Kevin Bryan delivers his verdict on some of this week's CD releases.

The Felice Brothers,"Undress" (Yep Roc)-Brothers Ian and James Felice spent their formative years in the Hudson Valley region of upstate New York, where they were exposed to such diverse creative influences as the works of Woody Guthrie, Chuck Berry and American poet and essayist Walt Whitman. The critically acclaimed pair may have begun their performing careers as buskers on the unforgiving streets of the Big Apple in 2006 but they're now firmly established as prime purveyors of the finest Americana, and their first album with the recently recruited rhythm section of Will Lawrence and Jesske Hume serves up a string of evocative Dylanesque gems led by "Jack Reminiscing," "The Kid" and "Undress" itself.

Doug Sahm,"Texas Radio & The Big Beat" (Floating World)-The late Doug Sahm is best remembered these days for his mid sixties musical exploits with the Sir Douglas Quintet and his childhood friend Augie Meyers, whose distinctive Vox organ sound underpinned infectious singles successes such as "Mendocino" and "She's About A Mover." The hits dried up fairly rapidly but Doug soldiered on regardless, and this splendid 2CD set brings together recordings of two of the talented Texan's live shows from the early seventies. The joyous diversity of Sahm's approach to music-making is reflected here in covers of everything from Hank Williams' "Jambalaya" to T-Bone Walker's "Stormy Monday" alongside the aforementioned hits and the great man's virtual theme tune,"Is Anybody Going To San Antone."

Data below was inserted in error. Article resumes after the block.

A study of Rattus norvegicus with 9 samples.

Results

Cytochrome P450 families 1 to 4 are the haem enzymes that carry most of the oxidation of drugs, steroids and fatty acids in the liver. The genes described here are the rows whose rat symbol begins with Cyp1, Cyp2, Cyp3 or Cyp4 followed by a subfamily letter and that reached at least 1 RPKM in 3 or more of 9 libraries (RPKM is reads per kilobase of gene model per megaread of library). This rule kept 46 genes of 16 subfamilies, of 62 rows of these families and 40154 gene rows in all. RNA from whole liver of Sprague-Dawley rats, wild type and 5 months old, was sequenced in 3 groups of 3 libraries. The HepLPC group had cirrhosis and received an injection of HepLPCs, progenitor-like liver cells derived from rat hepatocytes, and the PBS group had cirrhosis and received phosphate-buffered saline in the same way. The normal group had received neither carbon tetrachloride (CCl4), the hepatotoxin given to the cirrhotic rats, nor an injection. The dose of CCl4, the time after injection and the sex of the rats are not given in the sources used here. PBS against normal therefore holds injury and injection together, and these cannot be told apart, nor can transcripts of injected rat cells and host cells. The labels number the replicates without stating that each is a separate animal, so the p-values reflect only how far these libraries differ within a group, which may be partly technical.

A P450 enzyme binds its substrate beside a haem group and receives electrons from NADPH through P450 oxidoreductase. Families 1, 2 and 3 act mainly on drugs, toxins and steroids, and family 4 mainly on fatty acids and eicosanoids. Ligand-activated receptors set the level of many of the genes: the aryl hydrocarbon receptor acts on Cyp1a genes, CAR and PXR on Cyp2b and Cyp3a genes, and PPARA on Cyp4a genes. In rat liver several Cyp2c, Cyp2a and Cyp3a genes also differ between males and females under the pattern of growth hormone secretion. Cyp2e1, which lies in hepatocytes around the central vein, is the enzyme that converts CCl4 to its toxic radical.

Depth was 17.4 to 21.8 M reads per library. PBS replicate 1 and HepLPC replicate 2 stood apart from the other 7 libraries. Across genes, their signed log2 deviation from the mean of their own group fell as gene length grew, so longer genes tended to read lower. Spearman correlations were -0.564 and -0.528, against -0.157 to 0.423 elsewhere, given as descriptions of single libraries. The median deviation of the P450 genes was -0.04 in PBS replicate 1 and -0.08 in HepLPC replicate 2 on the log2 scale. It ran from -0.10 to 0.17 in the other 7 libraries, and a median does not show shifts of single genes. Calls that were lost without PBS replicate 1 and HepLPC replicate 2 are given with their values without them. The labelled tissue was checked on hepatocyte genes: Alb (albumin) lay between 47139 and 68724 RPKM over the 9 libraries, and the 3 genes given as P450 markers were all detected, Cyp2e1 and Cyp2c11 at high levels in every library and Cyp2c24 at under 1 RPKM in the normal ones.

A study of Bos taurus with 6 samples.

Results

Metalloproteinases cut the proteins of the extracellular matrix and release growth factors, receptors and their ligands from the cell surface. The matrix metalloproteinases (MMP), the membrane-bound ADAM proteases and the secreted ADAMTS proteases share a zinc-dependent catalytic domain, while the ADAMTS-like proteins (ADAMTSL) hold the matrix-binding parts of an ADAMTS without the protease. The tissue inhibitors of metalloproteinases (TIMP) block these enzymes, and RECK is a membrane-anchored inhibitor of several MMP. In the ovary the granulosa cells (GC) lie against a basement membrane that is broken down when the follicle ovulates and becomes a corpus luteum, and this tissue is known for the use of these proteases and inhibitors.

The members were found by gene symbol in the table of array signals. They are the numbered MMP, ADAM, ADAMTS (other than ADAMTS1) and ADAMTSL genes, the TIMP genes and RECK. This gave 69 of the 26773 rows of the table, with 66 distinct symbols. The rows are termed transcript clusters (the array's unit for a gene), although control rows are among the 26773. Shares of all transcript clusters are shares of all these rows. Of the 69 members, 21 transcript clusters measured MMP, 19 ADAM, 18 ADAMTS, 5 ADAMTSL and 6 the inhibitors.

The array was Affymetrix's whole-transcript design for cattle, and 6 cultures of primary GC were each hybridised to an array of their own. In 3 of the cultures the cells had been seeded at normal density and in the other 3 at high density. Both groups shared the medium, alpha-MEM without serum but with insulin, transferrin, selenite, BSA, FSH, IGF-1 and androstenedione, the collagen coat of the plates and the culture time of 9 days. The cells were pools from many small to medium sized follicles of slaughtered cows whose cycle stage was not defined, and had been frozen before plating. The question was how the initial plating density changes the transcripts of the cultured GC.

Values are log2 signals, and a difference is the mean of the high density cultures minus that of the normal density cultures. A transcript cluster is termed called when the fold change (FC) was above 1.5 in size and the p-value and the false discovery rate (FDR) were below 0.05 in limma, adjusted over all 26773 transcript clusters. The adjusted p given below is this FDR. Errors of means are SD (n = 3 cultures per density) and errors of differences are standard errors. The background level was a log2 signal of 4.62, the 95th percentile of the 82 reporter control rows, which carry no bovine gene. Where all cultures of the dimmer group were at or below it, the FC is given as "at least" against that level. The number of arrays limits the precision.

Doug Seegers,"A Story I Got To Tell" (BMG)-New York born Doug Seegers' first major album release in the UK offers a revealing insight into the work of a veteran performer whose life until fairly recently had been a constant struggle against the vagaries of homelessness, poverty and substance abuse. All this changed in 2013 however, when a chance meeting with a Swedish film crew on the streets of Nashville led to a lucrative recording contract and the rest, as the old cliche goes, is history. Swedish gold and platinum discs have followed in the interim,and Seegers' latest eagerly anticipated offering, "A Story I Got To Tell, " provides an eloquent vehicle for his soulful blend of country, blues, gospel, soul and rock.

Link Wray,"Indian Child" (Floating World)-This charismatic character's place in rock history was assured when he laid down the menacing instrumental,"Rumble," in 1958, and his raw and uncompromising approach to the art of music-making would go on to influence a whole host of rock luminaries during the coming decades, although commercial success would remain largely elusive."Indian Child" is in many ways the great lost Link Wray album, recorded in Denmark in 1993 with a local band who had never played with him before and swiftly consigned to oblivion soon afterwards. The bluesy pop on offer here may be a far cry from Link's early output but heartfelt tracks such as "Diamonds and Pearls" and "Trying To Find Your Love" are still well worth a few minutes of anyone's time nonetheless.